Kamberg Nature Reserve.

As for the name Kamberg, I almost got it right. The mountain is said to look like a roosters comb, hence the name Kamberg.

Took a trip to Kamberg nature reserve today, about 85km from home, only the last +- 10km on good gravel road, the rest tar.

Kamberg valley was home to the Bushmen until about the 1850's. Due to the encroachment by black and white settlers the game that the Bushmen depended on became scarce. The Bushman's way of hunting was quiet and did not drive the game away. Black hunters used dogs and lots of men. White hunters used guns with more devastating effect. Busmen turned to raiding White and Black settlers cattle and sheep, which made them the enemy of both. Soon there were no Bushmen left in the Kamberg valley, after thousands of years.

The Kamberg Nature Reserve has a Bushman art museum.

Click on photos to enlarge.

The Mooi River just outside the little village of Rosetta. A broad tranquil stream, my destination 45km further  almost the head waters of the Mooi River.

The narrow, one way bridge, crossing the Mooi River at Rosetta.

Waterfall can just be seen in the middle of the picture, above the waterfall is what is known as scheduled water. This means that the river upstream of here basically to it's source is closed from the end of May to the 1st of September to fishing, to allow trout to breed unhindered.

Drakensberg can be seen in the distance. The Kamberg valley being so high, can get very cold in the winter. It often snows, heavy frosts occur, and temperatures of -15 degrees Celsius are common.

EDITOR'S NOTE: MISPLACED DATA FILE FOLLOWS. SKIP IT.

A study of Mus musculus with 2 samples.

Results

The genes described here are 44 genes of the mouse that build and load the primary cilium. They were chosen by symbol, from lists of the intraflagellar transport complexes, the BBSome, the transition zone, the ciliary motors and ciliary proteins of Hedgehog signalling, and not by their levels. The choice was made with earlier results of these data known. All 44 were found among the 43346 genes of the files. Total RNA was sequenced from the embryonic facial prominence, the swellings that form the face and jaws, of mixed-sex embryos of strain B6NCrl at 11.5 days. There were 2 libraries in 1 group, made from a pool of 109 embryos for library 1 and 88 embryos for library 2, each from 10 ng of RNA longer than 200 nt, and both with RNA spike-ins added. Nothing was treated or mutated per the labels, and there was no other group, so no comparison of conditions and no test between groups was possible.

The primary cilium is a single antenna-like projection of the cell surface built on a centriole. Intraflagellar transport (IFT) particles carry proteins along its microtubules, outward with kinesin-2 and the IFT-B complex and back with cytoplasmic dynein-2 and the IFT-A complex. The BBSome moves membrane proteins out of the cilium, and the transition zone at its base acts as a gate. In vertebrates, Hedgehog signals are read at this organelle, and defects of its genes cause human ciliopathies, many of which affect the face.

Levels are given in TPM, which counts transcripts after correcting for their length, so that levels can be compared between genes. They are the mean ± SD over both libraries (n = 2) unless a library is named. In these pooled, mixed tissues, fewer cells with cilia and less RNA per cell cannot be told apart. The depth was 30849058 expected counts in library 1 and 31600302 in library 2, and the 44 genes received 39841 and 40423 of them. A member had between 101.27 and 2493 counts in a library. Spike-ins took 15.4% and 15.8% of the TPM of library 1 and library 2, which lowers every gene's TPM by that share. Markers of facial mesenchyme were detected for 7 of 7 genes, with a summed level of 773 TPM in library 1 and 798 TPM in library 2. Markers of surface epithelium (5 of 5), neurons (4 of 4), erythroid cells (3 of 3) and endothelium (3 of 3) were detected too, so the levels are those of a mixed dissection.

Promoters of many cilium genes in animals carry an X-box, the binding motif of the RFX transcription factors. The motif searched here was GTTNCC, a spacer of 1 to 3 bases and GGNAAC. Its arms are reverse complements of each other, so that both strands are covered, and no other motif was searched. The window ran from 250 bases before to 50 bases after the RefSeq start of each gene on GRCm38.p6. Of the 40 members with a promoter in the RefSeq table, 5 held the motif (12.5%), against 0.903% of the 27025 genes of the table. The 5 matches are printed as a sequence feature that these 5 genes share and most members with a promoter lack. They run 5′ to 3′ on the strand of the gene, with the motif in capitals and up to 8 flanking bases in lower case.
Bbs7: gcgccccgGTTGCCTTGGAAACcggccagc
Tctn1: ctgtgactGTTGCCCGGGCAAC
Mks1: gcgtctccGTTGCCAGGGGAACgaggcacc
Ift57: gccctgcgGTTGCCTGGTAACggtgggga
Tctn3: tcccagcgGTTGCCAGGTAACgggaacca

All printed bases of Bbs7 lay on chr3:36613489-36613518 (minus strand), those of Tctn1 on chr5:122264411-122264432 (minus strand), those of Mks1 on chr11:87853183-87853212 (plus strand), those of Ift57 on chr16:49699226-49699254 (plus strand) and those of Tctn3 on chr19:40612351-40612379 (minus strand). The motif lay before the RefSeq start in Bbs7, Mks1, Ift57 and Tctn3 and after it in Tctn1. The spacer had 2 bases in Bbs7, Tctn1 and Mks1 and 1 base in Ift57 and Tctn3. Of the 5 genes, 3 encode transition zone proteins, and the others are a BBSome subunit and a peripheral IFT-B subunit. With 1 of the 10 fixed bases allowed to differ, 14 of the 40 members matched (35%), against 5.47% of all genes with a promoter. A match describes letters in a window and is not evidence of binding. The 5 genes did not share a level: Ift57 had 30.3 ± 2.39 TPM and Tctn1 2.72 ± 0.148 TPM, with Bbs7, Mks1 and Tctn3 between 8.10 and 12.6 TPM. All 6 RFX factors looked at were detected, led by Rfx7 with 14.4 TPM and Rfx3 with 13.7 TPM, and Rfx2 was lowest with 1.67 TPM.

One winters morning I decided to go fishing at one of my favourite still waters, Grantchester. Got there just as the sun peeped over the horizon, tackled up and started fishing, after two casts the line was frozen in the guides. Had to wait until almost 9 before I could start fishing.

The Kamberg in the distance.


The Mooi River at Riverside Farm. These are Natal Fly Fishers Club waters, so I have unrestricted access to 7km of river on this farm. This is about 5km from Kamberg.

Still Riverside farm, beautiful river.

Clarity of the water, taken from the bridge at Riverside farm. Depth of water +-  one and a half metres.


Entrance to Kamberg Nature Reserve. The reserve was established in 1951, and is made up of two farms expropriated by the government, Stille Rust, (Quiet Rest) and Gladstone's nose.

View up the Kamberg Valley, Mooi river in the middle distance.

One of the still waters at Kamberg, Eland's dam. As I said in my previous post the word dam includes the water behind the dam wall. Eland the largest antelope in Africa and very common in this area. Eland were revered by the Bushmen and occur frequently in their paintings.

The Mooi River is home to Brown trout which were planted here in 1899. The original ova came from Loch Levin in Scotland. In South Africa Brown and Rainbow trout never occur in the same river or stream, although both types were seeded in the rivers. South African fly fishers consider Brown trout the fish to catch due to the difficulty of catching Brown trout.

Rainbow trout in South Africa came originally from the Kamloops area in Canada. This strain has adapted so well that it survives temperatures of 24 degrees Celsius, almost 80 degrees Farenheit. If you should catch one at this temperature though, the chances are you would not be able to revive it and it would die.

Tomorrow I will tell you more of my Kamberg experience.

5 comments:

Shoreman said...

Very nice.

Mark

Gorges Smythe said...

Very pretty country!

Joel said...

Lovely country you got there, Phillip. My kind of place. Just not enough of it over my neck of the woods!

Pat Tillett said...

What a beautiful place! Many of the native people in my country, met with much the same fate.

Joyful said...

Wow! Rainbow trout from Kamloops area? That is where my mom lives. Amazing how the trout have adapted.